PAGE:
In July of 1989 the McKinney Avenue Transit Authority achieved its goal of returning streetcar service to the city of Dallas, Texas when the streetcars began rolling down the tracks in the Uptown district. All the cars are authentic streetcars and run 365 days a year with no fee to riders. They can be chartered for private events too.
PetuniaPetunia was part of an order of 25 cars from the J.G. Brill Company and was introducted into service in 1920 by the Dallas Railway Company. While she featured many safety improvements her ride was bumpy and uncomfortable to riders. She remained in service until 1947 and then was stripped of wheels, motor, and electrical wiring and converted into a residence. Today, thankfully, she has been re-fitted with shock absorbers.
I rode Petunia in 2015 and was delighted with her details as well as the Uptown neighborhood. At the end of the line the driver takes a break while the trolley is turned around via a large rotating wheel. Petunia has doors and operating contrals at either end of the car. At that time the M-Line (as it is nicknamed) was pet friendly although I had a struggle getting the dog on and off as the steps were steep!
I rode her in July 2017 and was delighted with her interior and once again enjoyed the ride. The afternoon was cool as rain showers were approaching and the windows on the trolley were open. As I stepped on I asked if dogs were permitted as there was no mention on their web site about still being dog friendly. The operator said no, but told me to come on board that it was okay since he had a mini dachshund at home! I hopped on and Bree enjoyed her ride, even sniffing the air through an open window.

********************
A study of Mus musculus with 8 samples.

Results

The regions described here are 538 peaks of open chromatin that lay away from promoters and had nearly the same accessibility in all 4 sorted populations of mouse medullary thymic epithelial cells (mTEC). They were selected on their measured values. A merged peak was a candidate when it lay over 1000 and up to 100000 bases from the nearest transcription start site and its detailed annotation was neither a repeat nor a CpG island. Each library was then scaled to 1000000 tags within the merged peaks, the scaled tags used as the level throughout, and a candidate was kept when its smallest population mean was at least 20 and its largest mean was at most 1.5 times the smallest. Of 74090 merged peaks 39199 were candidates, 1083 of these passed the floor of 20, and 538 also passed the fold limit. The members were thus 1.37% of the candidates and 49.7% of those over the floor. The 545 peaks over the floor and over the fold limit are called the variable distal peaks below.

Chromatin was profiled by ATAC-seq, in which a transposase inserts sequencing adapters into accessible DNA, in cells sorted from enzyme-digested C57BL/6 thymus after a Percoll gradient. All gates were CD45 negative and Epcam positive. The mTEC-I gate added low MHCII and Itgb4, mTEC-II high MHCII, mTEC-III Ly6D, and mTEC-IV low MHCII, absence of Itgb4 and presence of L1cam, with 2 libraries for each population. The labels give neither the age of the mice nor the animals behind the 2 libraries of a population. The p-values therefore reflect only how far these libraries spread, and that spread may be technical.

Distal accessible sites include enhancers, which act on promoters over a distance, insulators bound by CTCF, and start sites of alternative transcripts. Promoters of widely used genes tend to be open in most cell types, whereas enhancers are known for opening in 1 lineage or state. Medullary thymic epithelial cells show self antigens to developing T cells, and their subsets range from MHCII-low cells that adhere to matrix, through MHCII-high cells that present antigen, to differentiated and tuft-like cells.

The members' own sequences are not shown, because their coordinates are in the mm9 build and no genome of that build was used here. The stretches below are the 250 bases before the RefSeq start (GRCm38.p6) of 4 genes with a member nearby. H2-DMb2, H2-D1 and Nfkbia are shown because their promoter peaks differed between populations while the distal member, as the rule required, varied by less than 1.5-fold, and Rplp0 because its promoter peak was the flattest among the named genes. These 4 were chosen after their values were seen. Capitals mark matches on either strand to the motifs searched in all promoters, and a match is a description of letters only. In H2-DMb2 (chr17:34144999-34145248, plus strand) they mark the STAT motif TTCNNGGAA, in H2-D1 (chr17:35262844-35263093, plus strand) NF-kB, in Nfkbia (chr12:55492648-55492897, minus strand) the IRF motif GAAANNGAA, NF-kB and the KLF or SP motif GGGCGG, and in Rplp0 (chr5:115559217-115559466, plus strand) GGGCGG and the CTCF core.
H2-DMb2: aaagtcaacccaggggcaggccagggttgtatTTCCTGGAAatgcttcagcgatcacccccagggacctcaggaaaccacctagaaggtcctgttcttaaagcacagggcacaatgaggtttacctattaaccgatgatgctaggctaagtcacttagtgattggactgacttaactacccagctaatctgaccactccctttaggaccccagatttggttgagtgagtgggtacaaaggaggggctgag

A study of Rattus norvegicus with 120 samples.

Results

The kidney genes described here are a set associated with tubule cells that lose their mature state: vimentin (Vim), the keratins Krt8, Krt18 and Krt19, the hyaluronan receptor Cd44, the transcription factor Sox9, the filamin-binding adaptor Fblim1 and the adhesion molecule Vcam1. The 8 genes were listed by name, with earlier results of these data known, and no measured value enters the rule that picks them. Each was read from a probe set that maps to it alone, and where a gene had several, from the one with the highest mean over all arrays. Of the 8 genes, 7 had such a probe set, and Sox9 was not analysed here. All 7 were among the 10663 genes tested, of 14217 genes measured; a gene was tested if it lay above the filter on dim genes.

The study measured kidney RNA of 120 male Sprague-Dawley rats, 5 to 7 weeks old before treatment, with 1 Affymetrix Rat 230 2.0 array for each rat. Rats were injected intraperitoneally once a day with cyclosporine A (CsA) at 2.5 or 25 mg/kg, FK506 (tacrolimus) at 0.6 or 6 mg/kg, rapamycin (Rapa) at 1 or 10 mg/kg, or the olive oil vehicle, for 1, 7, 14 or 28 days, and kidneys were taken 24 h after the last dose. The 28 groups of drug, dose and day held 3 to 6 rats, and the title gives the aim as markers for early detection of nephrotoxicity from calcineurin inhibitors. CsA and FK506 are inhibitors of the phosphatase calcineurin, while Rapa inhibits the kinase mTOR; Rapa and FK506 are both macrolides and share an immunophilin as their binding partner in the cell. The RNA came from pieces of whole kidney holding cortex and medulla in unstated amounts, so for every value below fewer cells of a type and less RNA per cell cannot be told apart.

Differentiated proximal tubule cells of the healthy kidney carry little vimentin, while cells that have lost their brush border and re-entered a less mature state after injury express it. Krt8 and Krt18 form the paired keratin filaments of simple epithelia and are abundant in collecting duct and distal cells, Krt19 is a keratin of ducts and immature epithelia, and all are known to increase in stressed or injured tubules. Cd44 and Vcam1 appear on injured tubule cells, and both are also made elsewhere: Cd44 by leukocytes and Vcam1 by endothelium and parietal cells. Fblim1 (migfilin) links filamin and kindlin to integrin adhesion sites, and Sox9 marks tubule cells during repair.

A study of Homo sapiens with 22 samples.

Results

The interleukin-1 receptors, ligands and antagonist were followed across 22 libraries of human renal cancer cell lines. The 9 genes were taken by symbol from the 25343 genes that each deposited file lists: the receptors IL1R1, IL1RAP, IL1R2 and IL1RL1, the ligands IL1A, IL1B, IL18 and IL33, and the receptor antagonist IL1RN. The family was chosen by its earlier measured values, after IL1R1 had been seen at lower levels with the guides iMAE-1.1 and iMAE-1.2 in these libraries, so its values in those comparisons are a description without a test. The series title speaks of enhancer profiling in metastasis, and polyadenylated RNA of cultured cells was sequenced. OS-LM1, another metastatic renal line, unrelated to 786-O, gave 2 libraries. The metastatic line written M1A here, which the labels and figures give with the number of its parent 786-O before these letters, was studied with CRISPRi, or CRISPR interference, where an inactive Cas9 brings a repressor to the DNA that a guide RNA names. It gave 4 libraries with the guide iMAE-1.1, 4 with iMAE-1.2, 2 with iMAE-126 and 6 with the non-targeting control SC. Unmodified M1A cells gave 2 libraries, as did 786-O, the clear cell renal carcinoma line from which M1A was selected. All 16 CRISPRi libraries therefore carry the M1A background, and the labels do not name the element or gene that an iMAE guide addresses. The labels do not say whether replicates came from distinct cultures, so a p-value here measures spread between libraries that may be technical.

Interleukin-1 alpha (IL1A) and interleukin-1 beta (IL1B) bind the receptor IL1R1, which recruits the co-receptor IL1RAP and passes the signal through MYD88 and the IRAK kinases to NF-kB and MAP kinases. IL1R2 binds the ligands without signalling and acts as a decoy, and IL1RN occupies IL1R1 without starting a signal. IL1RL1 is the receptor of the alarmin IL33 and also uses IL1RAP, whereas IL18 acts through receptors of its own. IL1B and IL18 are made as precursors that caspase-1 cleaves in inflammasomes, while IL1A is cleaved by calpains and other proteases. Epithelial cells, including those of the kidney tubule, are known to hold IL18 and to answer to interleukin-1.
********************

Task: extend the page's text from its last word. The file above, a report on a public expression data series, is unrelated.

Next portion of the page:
* * *What is a trolley and how does it operate? The McKinney Avenue Transit Authority web site offers this explanation:
A trolley car (or streetcar) is similar to a railroad passenger car. Like a train, a streetcar runs on a set of rails. Streetcar tracks are usually in or alongside city streets. An electric streetcar is sometimes referred to as a “trolley”, because it has a special pole that extends from the roof of the car to an electrified overhead wire, similar to a telephone or utility cable. The trolley pole collects power from this overhead cable and sends it to the motors located underneath the streetcar. The operator “drives” the streetcar with a controller.
The first street cars were introduced in 1828 and were pulled by horses or mules. The first electric powered streetcars began operating in 1888 in Richmond, Virginia and quickly caught on in other cities. Just to note that San Francisco's famous streetcars are actually cable cars that are pulled along by a special cable located under the street in a slot between the rails; they have been operating continuously for over 100 years.
Dallas discontinued their streetcar service in 1956 after pressure from various groups. The 4 remaining streetcar lines were closed and Dallas opted for modern bus service.
Funding for the M-Line operational costs is provided through an agreement with the Dallas Area Rapid Transit as well as donations from other sources including public donations. To see a schedule click on the link above.